There are great benefits derived from helping others. Obviously the person we help is benefited. But the person who gives also benefits. They learn to see something beyond themselves. The old adage is that the best way to find yourself is through helping others.
So the next question is who to help, and perhaps how to help.
Charity organizations exist to help others. This is often the best way for individuals with some resources to help other individuals in need. But which charity?
One common criteria for assessing a charity is looking at how much money is used to help the people in need and how much goes to administration. But this can be misleading. Some charities have huge overheads, yet give far more to the needy that other charities. The public can become mislead here because they assume that the charity is making a personal profit. But it’s not about personal profit, it’s about paying employees to run the charity and help others. Overheads are not the only measuring stick.
A charity that reaches and benefits many people, that continues to operate for decades with a sizeable overhead is better than a charity that is less effective, and that doesn’t very last long.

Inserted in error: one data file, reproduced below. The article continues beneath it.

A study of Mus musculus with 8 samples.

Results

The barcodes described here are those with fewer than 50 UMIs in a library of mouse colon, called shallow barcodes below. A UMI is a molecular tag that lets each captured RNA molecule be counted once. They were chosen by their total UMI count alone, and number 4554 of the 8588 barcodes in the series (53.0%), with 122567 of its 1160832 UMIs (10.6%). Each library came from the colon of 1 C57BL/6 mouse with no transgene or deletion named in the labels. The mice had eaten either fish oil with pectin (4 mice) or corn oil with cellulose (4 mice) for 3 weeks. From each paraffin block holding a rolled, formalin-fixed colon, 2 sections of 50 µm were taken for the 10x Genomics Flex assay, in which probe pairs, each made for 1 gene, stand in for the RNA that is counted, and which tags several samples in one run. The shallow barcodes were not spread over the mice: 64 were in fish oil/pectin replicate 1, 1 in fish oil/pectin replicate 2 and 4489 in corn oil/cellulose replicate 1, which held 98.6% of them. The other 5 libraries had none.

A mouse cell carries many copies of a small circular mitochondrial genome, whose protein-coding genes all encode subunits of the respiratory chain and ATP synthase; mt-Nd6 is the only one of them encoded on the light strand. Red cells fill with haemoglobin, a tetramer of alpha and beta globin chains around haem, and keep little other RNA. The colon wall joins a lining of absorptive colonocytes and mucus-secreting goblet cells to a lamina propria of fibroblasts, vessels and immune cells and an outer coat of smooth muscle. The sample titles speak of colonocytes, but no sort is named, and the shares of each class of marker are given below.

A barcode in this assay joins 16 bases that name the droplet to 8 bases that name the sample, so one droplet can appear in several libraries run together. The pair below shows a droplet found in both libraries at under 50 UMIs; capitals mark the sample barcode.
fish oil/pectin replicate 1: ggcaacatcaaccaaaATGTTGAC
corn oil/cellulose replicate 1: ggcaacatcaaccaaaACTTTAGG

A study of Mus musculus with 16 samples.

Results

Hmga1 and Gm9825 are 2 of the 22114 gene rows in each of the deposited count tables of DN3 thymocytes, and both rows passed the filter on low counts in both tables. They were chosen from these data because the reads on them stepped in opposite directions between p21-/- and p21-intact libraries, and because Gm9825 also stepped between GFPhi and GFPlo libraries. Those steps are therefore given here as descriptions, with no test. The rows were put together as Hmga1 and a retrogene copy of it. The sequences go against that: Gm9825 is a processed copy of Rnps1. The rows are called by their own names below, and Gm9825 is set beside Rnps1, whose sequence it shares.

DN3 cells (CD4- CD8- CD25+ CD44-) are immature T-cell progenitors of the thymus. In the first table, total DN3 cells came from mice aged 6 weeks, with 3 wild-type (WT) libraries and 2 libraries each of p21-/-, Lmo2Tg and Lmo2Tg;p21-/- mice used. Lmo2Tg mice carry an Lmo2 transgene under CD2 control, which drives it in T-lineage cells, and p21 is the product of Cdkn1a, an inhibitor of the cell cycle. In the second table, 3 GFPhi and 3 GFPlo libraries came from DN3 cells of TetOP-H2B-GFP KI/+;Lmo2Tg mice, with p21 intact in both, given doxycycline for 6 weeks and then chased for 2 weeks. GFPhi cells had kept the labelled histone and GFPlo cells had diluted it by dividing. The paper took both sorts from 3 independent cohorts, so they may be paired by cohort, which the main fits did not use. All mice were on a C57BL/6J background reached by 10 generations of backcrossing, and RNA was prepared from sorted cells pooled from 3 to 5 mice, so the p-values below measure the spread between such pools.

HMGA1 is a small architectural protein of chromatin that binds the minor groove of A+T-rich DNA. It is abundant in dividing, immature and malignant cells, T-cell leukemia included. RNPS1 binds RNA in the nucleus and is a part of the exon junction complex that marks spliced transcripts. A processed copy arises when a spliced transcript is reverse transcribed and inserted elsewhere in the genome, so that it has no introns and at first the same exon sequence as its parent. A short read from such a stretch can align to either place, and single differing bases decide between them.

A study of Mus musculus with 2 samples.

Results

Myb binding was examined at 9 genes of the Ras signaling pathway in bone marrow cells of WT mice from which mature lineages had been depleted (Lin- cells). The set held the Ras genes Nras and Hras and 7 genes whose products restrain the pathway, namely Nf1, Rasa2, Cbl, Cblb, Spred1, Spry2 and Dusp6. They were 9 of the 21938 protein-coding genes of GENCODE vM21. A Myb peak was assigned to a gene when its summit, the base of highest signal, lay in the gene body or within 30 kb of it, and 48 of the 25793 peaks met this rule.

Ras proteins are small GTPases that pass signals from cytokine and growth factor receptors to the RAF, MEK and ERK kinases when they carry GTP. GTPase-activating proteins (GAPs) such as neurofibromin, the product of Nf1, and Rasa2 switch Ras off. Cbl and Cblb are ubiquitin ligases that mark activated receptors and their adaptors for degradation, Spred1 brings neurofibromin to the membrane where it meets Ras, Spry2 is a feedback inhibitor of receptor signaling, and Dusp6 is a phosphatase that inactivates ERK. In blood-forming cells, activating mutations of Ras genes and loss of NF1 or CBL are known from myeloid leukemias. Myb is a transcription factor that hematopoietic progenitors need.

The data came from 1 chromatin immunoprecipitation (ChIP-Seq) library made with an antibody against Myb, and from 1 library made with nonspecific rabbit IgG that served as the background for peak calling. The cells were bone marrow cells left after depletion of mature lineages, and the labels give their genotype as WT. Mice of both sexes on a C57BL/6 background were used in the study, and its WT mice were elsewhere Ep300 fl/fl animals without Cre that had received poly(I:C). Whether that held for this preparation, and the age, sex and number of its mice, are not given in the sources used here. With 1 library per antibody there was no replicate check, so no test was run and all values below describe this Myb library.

The difficulty of the situation that a charity faces is another factor. A charity may seem ineffective if they are dealing with a difficult social problem. But that does not mean that the people held back by that social problem are any less in need, or any less deserving of our help. Some charities dedicate themselves to the hard-luck situations. And hopefully a breakthrough will come sooner or later.
Being able to follow the progress, and hopefully the success, of a charity is beneficial. It shows that our efforts are not in vain, that both the charity and the recipients of our donations are legitimate. One of the best options here is child sponsorship. Receiving progress reports an letters from a child show that the donations and efforts bear fruit.